Fair Trade

fairtradelogoAs a congregation, St. Ninian’s takes a positive role in the promotion of Fairtrade, creating opportunities to bring positive change to the lives of people in the developing world and, by practising this commitment, was recognised as a Fairtrade Church in 2007.

Fairtrade is about paying producers who are poor a fair price for their goods and, at the same time, encouraging them to gain the business skills and knowledge to work their way out of poverty. As the number of producer groups has extended, so has the range of goods being made available.

The criteria to be met in order to achieve Fairtrade status include:

  • to support and promote Fairtrade; to encourage the use and sale of Fairtrade products;
  • to serve Fairtrade coffee and tea at meetings for which we have responsibility;
  • to move forward on using other Fairtrade products – e.g. sugar, biscuits;
  • to display literature advertising the fact that Fairtrade products are used and served; and,
  • to continue to raise awareness of the Fairtrade mark.

To help actively the economically disadvantaged communities and to aid the further development of Fairtrade with small producer groups in the Third World, Canon David Main, himself a supporter of the cause over many years, set up our Traidcraft Stall. This started with a range of just eighteen items including tea, coffee, biscuits and chocolate, being offered for sale on the first Sunday of each month following the 11.00am service. He recruited two teenage members of the congregation as dependable and efficient assistants, who remained loyal over many years. Others are now involved, giving support with sales and accounting, in addition to the display, ordering and distribution of the Christmas cards each year.

The Traidcraft Stall currently offers a range of about sixty items on the same regular basis. In addition to this there are occasional sales when a range of craft goods is displayed which, together with the sale of Christmas cards, brings in welcome extra income.

St. Ninian’s has a retinue of regular shoppers continuing to arrive at the stall each month, some armed with their shopping list and bag, all aware of the importance of buying from the Traidcraft stall. By this effort the congregation helps to establish and maintain security for the producers of the goods and their families, giving them hope for a sustainable future.


Coffee-time and Fairtrade Stall in the hall

Coffee-time and Fairtrade Stall in the hall

November 2009: Liz with a craft stall selling Traidcraft products

November 2009: Liz with a craft stall selling Traidcraft products


Mary van Zwanenberg has sent the following report:

Sales of Traidcraft at St. Ninian’s Church during 2010 have once again been tremendous, reaching a total of £2191.29 during the calendar year. This means that St. Ninian’s is responsible for 40% of the sales to churches in the Stewartry. I am very grateful to you for all your work in selling & promoting Traidcraft in your parish; thanks also go to Liz Barrett for her sterling work in seeing to all the Christmas card orders.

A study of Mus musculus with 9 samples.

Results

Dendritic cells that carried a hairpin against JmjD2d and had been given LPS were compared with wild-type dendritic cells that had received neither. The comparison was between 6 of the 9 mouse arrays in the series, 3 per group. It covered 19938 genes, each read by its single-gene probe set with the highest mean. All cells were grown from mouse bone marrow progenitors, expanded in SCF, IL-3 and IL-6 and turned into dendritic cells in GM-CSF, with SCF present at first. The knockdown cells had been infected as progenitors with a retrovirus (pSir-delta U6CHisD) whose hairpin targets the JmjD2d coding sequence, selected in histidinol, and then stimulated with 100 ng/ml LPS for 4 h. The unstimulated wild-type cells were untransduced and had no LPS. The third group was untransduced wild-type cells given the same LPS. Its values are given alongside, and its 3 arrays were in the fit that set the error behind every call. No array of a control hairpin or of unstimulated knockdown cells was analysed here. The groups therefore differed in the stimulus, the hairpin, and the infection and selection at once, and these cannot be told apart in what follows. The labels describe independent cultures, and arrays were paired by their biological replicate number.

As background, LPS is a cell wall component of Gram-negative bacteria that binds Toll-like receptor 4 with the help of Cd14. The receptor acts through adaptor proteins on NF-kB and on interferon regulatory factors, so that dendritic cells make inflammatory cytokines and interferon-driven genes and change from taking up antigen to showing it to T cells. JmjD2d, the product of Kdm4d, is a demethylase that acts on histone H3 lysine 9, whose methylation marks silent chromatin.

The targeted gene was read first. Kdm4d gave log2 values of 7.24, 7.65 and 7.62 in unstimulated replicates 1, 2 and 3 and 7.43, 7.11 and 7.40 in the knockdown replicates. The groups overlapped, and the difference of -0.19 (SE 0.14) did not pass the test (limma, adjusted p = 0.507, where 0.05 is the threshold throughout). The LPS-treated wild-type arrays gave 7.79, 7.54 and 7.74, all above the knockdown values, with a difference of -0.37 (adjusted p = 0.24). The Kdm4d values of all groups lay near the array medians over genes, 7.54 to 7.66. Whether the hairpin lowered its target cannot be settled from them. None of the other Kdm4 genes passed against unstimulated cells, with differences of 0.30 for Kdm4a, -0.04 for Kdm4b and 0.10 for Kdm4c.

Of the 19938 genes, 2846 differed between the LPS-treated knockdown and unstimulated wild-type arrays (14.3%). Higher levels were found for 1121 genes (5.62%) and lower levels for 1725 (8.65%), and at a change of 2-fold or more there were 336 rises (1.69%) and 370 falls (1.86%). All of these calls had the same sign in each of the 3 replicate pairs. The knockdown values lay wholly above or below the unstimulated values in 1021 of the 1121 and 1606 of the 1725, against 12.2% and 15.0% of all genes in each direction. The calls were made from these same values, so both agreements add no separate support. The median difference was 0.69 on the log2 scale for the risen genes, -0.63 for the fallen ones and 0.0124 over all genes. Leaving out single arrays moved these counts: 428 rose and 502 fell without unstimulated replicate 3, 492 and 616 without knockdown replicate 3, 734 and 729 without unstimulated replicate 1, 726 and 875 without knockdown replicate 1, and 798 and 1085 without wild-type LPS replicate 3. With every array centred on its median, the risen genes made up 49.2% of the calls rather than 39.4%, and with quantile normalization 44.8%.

As a result of gifts of small change, donations & the discount Traidcraft allow Fair Traders, the year ended with a surplus of funds in the account. Last week I sent a cheque for £1,250 to Traidcraft Exchange- the charity & overseas development branch of Traidcraft – to help in the upgrading & development of honey production in a semi-arid poverty stricken area of Kenya. If you would like more information about this scheme called BELIEVE (an acronym for Beekeeping as a Livelihood in Extremely Vulnerable Environments) it can be obtained on: www.traidcraft.co.uk/international_development/overseas_programmes/east_africa

Total cash taken £8840.69 Money paid to Traidcraft £7611.84

The following is a brief break down of my Traidcraft sales so that you can see where you fit into the overall picture.
Feb 27th St. Peter’s, Dalbeattie, Coffee Morning £75.80
March 4th Kirkcudbright Academy £40.22
March 6th Environment Fayre, Dumfries * £138.00
April 10th Dalry, Farmer’s Market £87.50
May 13th Christian Aid Week, Castle Douglas £263.20
June 12th Brownies Coffee Morning, Dalbeattie £79.14
July 10th Kirkcudbright Garden & Country Fair £58.75
July 19th Brocante; St. A. & C. Church Hall £28.15
August 5th Stewartry Show £118.92
August 7th Gatehouse Gala £84.56
August 29th Kirroughtree Wood Festival £107.01
Sept 25th C. Aid Coffee morning, Minerva Hall, Dumfries* £281.55
Oct 2nd SCVS Autumn Fayre, Castle Douglas £121.15
Oct 23rd One World Week Coffee Morning, Gatehouse £223.21
Nov 6th Fairer World Fair, Dumfries £380.14
Dec 4th Winter Wonderland £129.05
Dec 4th NCVS Charities Fayre, Dumfries* £161.75
Dec 11th Dalry Farmer’s Market £148.90

* stall shared with another Traidcraft Rep.

SALE OR RETURN Traidcraft goods are sold on a regular basis by:
Parish Church Kirkcudbright
Kelton Church Castle Douglas
St. Ninian’s Church Castle Douglas
The Bible Shop Castle Douglas
Christ Church Dalbeattie
Greyfriars Church Kirkcudbright
St A. & St. C. Kirkcudbright
Total sales of these goods: £5699.19

A cheque for £1,250 has been sent to Traidcraft Exchange in response to their Christmas appeal for funds to introduce beekeeping as a means of generating income in poor village communities in Kenya.

By setting up training programmes & providing beehives & other essential equipment, poor farmers who have little land, can begin to earn more money. This impacts on their communities, as people are better fed & are beginning to get access to medical facilities & schools.